After much fanfare, Palawan’s Queen Gambit finished 11th out 12 teams in the Southern Division of the Professional Chess Association of the Philippines.

Five wins and 29 losses are just par for the course for the hardy all-women’s team. But in individual matches, Palawan’s Queen’s Gambit can hold their head high.

Top board Shania Mae Mendoza, who defeated many time Philippine champion Joey Antonio in the very first round, has shown her mettle against masters. Her brave decision to attack 2019 national champion Rogelio Barcenilla in the inter-league phase, should have been rewarded with a win had it not for Barcenilla’s experience.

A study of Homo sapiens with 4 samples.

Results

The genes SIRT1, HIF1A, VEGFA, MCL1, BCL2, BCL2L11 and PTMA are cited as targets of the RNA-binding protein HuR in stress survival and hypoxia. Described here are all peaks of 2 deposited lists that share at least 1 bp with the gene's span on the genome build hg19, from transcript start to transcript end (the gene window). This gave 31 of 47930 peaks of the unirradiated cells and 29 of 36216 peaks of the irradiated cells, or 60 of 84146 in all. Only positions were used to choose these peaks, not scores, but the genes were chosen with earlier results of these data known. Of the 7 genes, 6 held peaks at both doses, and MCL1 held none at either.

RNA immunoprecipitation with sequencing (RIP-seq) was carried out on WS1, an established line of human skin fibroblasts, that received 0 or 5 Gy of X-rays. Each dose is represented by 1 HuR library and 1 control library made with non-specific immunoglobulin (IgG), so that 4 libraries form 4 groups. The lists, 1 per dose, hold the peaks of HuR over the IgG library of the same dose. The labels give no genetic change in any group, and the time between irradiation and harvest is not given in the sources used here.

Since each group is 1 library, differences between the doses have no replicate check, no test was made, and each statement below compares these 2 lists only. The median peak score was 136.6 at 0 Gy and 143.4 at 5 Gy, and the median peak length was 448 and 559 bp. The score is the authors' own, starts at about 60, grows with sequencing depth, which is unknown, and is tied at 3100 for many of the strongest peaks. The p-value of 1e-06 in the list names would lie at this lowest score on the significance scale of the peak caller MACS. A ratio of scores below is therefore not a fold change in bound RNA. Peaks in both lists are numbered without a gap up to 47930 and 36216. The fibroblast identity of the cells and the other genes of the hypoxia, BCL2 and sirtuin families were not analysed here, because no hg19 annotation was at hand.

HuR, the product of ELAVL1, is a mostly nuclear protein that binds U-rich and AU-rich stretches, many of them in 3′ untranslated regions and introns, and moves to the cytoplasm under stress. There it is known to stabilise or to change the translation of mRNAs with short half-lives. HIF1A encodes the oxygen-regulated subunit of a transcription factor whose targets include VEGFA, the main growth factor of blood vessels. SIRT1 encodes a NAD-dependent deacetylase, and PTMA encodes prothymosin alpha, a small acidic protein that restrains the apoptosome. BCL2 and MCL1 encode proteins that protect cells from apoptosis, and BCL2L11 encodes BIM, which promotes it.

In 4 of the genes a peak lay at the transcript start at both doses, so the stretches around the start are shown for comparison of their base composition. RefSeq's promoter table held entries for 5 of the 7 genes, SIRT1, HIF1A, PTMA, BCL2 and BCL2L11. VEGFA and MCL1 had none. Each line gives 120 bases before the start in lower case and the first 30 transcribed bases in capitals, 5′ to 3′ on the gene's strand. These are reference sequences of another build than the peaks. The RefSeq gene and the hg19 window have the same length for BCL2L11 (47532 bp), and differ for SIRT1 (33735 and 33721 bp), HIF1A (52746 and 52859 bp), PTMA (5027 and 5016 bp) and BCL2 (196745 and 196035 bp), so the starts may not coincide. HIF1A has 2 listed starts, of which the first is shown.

Mendoza has adjusted to blitz and rapid. A few months before the PCAP, she was struggling in fast time controls. It’s a different story now.

Catherine Secopito, at second board, showed little fear against national masters and those online warriors. Time pressure eventually spoiled the best plans of Secopito and Mendoza.

Marie Antoinette San Diego was a real rock on board three, seldom losing. This could not be said of Cecila Cuizon and Carmelita Abanes, at fourth board. But they were pitted fast moving players, which many teams pack in the lower boards. Mikee Suede, facing these beasts, took time to warm up.

Now, is professional chess ready for a women’s team? Yes. In the last 20 years there have been plenty of girls playing in student leagues compared to 40 years ago.

Women players in hometowns do not play often as they have jobs. Some are lawyers and government employees. But for the young and eager to be woman grandmaster, plenty of women want to try and become Woman International Masters and Woman Grandmasters. Palawan’s Queen’s Gambit has shown the way.